SOUTH PORTLAND, Maine — The South Portland Farmers Market, in its fourth year, third location, and on a new day, is getting mixed — but optimistic — reviews.
The outdoor market, held Sundays from 10 a.m. to 2 p.m. at City Hall, has unofficially attracted at least 100 customers per week — a small pool for the market’s 10 or 12 vendors.
But its advocates, including market manager Caitlin Jordan of Alewife’s Brook Farm in Cape Elizabeth, remain optimistic about the market’s slow and steady growth.
Part of the market’s problem has been its stop-and-go history, Jordan said, after going through three locations in four years and a change from Thursday afternoon and evening to late morning and afternoon Sunday.
The market began in the summer of 2011 at Thomas Knight Park, but it was moved in 2012 to Hinckley Drive after some customers complained the park’s cobblestone street was difficult to navigate.
After two years on Hinckley Drive between Ocean Street and Cottage Road, the street closure and parking problems sent the city and market operators back to the drawing board. They decided to move to the City Hall lot, which is empty on Sundays.
Jordan, who also manages the Scarborough Farmers Market at the same day and time at Scarborough Town Hall, said on a recent Sunday that reaction to the new location has been “pretty positive.”
But despite vendors’ efforts, and small signs placed around the city, the biggest problem continues to be public awareness.
“It’s like starting a new market every year,” she said of the market’s nomadic history.
Though she said she never recorded attendance, Jordan estimated anywhere from 150 to 200 people came to the market each week last year.
Rosemarie De Angelis, a former city councilor who spearheaded the market’s creation during her tenure, believes the market would be better served with a bigger, more colorful sign near the Casco Bay Bridge, similar to a sign posted at Scarborough Town Hall.
“There just isn’t volume,” De Angelis said. “Unless there’s some big in-your-face signage, I think they’re doing the market a disservice.”
De Angelis also raised concern that a lack of vendor variety does little to dissuade residents from crossing the bridge to Portland’s more established farmers market, held Saturdays and Wednesdays. But greater vendor diversity requires more shoppers, putting the market in catch-22, she said.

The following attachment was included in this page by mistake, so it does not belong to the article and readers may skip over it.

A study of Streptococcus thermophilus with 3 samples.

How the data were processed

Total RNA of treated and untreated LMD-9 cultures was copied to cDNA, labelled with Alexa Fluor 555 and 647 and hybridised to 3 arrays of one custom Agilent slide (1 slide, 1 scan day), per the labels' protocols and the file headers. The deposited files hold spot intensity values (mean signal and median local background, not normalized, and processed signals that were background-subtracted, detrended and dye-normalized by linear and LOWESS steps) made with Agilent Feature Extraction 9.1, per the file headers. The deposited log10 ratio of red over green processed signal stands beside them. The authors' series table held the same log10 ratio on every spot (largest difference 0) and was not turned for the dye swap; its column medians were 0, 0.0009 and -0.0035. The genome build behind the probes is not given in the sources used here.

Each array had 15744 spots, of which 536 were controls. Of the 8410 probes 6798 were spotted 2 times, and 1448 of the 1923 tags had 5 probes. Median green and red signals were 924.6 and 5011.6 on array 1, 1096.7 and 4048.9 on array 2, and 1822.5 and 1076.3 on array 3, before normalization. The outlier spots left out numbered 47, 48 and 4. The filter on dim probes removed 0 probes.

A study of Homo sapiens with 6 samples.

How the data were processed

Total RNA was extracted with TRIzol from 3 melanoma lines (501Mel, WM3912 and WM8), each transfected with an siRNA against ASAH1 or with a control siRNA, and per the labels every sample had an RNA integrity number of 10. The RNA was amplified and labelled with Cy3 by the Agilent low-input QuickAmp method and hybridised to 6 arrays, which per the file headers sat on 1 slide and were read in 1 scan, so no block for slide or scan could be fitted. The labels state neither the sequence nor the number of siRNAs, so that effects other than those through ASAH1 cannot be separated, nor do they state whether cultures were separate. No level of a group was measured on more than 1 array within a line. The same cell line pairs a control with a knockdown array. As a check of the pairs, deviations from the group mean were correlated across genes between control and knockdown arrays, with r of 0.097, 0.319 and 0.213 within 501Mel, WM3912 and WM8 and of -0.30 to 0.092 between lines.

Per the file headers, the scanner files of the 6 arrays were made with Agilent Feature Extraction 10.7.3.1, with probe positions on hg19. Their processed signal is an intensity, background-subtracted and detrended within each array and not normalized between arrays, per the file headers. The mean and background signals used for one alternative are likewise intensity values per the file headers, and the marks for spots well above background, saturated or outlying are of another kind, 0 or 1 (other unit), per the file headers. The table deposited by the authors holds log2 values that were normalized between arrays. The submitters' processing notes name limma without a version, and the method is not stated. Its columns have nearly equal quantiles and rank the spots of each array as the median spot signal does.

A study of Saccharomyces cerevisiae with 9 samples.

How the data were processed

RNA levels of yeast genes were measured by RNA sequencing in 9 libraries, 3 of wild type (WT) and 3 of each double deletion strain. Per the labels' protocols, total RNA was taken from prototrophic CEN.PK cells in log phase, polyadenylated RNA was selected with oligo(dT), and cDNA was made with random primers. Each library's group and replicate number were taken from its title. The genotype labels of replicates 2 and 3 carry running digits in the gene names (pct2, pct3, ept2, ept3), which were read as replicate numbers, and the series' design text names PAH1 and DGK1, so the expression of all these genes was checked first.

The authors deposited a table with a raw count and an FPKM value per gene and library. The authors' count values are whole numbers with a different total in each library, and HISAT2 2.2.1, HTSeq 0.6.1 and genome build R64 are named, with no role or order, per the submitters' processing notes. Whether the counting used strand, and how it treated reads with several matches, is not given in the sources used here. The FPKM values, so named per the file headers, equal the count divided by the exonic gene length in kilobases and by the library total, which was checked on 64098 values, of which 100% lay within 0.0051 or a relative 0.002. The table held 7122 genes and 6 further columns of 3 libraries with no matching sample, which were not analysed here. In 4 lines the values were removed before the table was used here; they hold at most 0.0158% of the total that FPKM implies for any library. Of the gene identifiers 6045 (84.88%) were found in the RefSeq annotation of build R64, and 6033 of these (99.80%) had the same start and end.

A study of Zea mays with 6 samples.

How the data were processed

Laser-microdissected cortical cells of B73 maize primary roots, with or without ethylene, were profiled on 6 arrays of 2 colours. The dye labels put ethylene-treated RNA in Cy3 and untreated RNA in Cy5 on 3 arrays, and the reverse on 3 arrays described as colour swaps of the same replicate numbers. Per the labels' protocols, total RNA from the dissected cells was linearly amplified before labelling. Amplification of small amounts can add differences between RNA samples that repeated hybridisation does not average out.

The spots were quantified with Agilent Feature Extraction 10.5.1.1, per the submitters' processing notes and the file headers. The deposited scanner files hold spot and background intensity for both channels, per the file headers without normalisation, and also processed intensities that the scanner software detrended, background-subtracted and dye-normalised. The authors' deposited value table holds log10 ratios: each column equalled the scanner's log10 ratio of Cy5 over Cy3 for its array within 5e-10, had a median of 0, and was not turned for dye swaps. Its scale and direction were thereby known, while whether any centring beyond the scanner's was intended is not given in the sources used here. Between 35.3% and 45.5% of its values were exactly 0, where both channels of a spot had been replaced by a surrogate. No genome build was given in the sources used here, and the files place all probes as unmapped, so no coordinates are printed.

It also remains to be seen what impact the new Farm Stand, opening soon on Ocean Street, directly across the street from the City Hall parking lot, will have on the market’s success.
The Farm Stand, an extension of Jordan’s Farm in Cape Elizabeth [unrelated to Caitlin Jordan’s farm], will be a year-round indoor market offering local produce and dairy products, and organic meats — a product the city market has so far been unable to establish — from Farmers’ Gate Market in Wales.
Despite possible issues with public awareness, complaints from customers and vendors on a recent Sunday were reserved mostly for the powerful gusts of wind that at times knocked over display tables.
Maggie Bokor, a Pleasantdale neighborhood resident, said she has frequented the South Portland Farmers Market over the years because she feels “it’s a sweet, small version of the Portland market.”
“Having to move around a bit, we’ve lost a bit of traction, but we’re rebuilding,” she said on a recent Sunday, while perusing rhubarb at the Alewife stall.
April Fournier, who sold baked goods at a stand for her sister Megan Chase’s company, Sweet and Savory, said she thinks the new location at City Hall is bringing more customers to the market than ever before.
“I’ve worked this market three times, and I’m recognizing familiar faces,” she said.
As for as the new day, Fournier said Sundays give the market more of a “community feel.”
“[Sundays] are more relaxed and not as rushed,” she said. “It’s good for vendors.”
Other vendors said they are confident the market will grow as more people learn about the location. Tristan Noyes, of local lettuce farm Gromaine, said he isn’t worried, because each week has been “more and more consistent.”
Noyes, who lives in the Willard Beach neighborhood, said “it just takes people a while to get used to it.”